This year's brassica bed was planted with the first set of cole crops about a week ago. It always feels good to get that first set in the ground, as if the season is really beginning. I put the bunny protector on the bed just in case. Now if only we'd get more sunlight, these plants would grow a little faster.
The first set of brassicas is often hit or miss, and frequently the second set that is started two weeks later will produce before the first set. With the mild weather it looks like this planting is off to a good start. There's broccoli, kohlrabi, cauliflower and cabbage in the mix.
Another bed is also prepped and ready for seedlings. It will get onions to start, then carrots and beets a bit later. I'll set up a trellis on the back (north) side of the bed for cucumbers so I'll have to leave a little room for them. The onion seedlings have been biding their time in the coldframe, and they are just about large enough for transplanting. It looks like about 60 seedlings out of a 72 cell tray have survived. They will go in the beds after the next round of rains go through and the soil in the beds dries out a bit.
One more bed still needs prepping for spring plantings. It will get parsnips and the last sets of brassicas, as well as a row or two of bush beans to give me early beans. What's left is the bed for tomatoes and peppers, which has a cover crop of field peas on it right now. I won't do anything with it until May.
What I call the 'greenhouse bed' for overwintered plants is looking great. The spinach has never looked better at this time of year, especially the row of Reflect spinach. I've gotten a couple of small pickings so far, but expect to bring in much larger hauls very soon. The lettuce - Pinetree winter mix - was looking very nice until the harsh cold snap in mid-March. It looks like it is recovering. There's a row of bunching onion and a row of spring planted spinach, which is hard to see in the photo, that is coming up nicely now, and at the other end, four rows of garlic.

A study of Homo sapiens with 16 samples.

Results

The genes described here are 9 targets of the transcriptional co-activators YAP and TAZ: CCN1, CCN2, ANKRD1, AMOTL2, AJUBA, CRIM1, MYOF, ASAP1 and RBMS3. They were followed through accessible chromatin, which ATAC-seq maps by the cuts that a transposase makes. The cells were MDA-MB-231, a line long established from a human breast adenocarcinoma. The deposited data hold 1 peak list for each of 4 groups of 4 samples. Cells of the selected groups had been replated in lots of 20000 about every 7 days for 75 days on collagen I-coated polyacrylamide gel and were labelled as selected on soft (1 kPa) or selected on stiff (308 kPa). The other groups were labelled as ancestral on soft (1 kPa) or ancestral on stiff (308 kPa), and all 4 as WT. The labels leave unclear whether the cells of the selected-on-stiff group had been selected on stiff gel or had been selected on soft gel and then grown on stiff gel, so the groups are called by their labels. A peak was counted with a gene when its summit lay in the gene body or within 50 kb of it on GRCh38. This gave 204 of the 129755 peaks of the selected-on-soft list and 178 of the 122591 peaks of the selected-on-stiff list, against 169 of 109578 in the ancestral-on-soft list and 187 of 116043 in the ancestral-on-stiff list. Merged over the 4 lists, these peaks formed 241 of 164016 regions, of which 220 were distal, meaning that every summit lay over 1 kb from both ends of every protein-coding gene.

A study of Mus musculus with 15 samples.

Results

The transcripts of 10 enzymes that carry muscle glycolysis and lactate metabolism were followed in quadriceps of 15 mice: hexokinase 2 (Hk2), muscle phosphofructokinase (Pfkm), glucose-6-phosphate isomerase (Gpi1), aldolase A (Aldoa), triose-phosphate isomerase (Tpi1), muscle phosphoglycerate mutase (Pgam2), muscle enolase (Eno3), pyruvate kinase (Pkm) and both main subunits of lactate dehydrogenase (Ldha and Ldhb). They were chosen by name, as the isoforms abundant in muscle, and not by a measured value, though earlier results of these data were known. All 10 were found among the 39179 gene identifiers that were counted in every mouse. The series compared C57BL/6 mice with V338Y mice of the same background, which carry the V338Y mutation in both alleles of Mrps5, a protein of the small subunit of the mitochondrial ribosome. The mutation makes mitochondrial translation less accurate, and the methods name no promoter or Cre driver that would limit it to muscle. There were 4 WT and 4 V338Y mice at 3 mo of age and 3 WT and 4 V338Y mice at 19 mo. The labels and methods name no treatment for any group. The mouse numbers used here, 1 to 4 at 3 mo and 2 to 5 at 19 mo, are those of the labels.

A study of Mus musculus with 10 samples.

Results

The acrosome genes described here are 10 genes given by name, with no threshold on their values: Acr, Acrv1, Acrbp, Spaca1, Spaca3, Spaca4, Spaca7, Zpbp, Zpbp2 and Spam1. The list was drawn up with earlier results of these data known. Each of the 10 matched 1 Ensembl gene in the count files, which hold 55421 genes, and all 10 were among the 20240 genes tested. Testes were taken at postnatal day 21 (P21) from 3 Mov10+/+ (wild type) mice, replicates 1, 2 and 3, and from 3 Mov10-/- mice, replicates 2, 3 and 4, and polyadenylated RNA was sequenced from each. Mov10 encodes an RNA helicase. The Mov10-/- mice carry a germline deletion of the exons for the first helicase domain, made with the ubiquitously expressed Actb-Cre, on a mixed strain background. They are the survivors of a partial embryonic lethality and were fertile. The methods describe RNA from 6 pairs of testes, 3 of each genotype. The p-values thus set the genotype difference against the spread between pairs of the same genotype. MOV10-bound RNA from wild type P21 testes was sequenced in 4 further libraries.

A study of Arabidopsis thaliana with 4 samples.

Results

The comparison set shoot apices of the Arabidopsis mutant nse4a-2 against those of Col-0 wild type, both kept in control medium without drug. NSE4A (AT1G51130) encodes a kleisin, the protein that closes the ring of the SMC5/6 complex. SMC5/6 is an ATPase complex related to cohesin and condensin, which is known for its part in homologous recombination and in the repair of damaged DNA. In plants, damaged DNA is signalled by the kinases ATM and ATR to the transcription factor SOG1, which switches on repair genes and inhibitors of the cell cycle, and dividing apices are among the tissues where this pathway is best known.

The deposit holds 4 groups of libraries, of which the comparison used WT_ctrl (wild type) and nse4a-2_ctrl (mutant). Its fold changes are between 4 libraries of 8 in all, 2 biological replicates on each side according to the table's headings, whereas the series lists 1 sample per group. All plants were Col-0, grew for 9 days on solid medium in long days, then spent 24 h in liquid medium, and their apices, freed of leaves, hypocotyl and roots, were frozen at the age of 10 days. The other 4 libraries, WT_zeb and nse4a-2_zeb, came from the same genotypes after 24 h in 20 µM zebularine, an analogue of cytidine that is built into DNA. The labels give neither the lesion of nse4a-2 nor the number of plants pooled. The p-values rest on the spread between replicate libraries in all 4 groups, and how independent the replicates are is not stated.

If everything works according to plan, all of this will be out by June, excepting garlic, and will be replaced by a summer squash plant and some okra.
The everbearing strawberries were pulled out of the perennial bed. I put in a Victoria rhubarb plant, after first digging a large hole and amending it with compost. After allowing for the rhubarb to get larger that still leaves some additional room. I'll put in some more herbs to fill the space. The section planted in asparagus was mulched with wood chips.
I was going to plant a rhubarb crown but after removing it from the bag and seeing it was not encouraged, in fact wasn't sure it was alive. Last weekend I stopped at May's Greenhouse in Bloomington and saw they had nice healthy rhubarb plants in the pots, actually all their stuff is amazingly vigorous. Decided I couldn't wait to see if a crown was going to make a plant when a real plant was available for eight bucks.
Seedlings are coming along. After ten days, the first peppers finally - finally- germinated. Peppers take forever, that's why I'm more than happy to buy most of them as seedlings at May's. I started the peppers with a heat mat under the trays, since at the time their wasn't room for my preferred method until some of the seedings could be moved out to the cold frame. The heat mat is really pointless since I use a two tray system with a reservoir and wicking mat, and the heat never gets up to the top of the pots. What does work is the plastic domes that trap enough of the light via the greenhouse effect to warm up the atmosphere inside of the dome. They also keep the surface of the potting mix moist.
There's a temperature sensor inside that shows the dome maintains a temperature between 76 and 80F when the lights are on. That's close to optimal to get peppers and eggplant to germinate.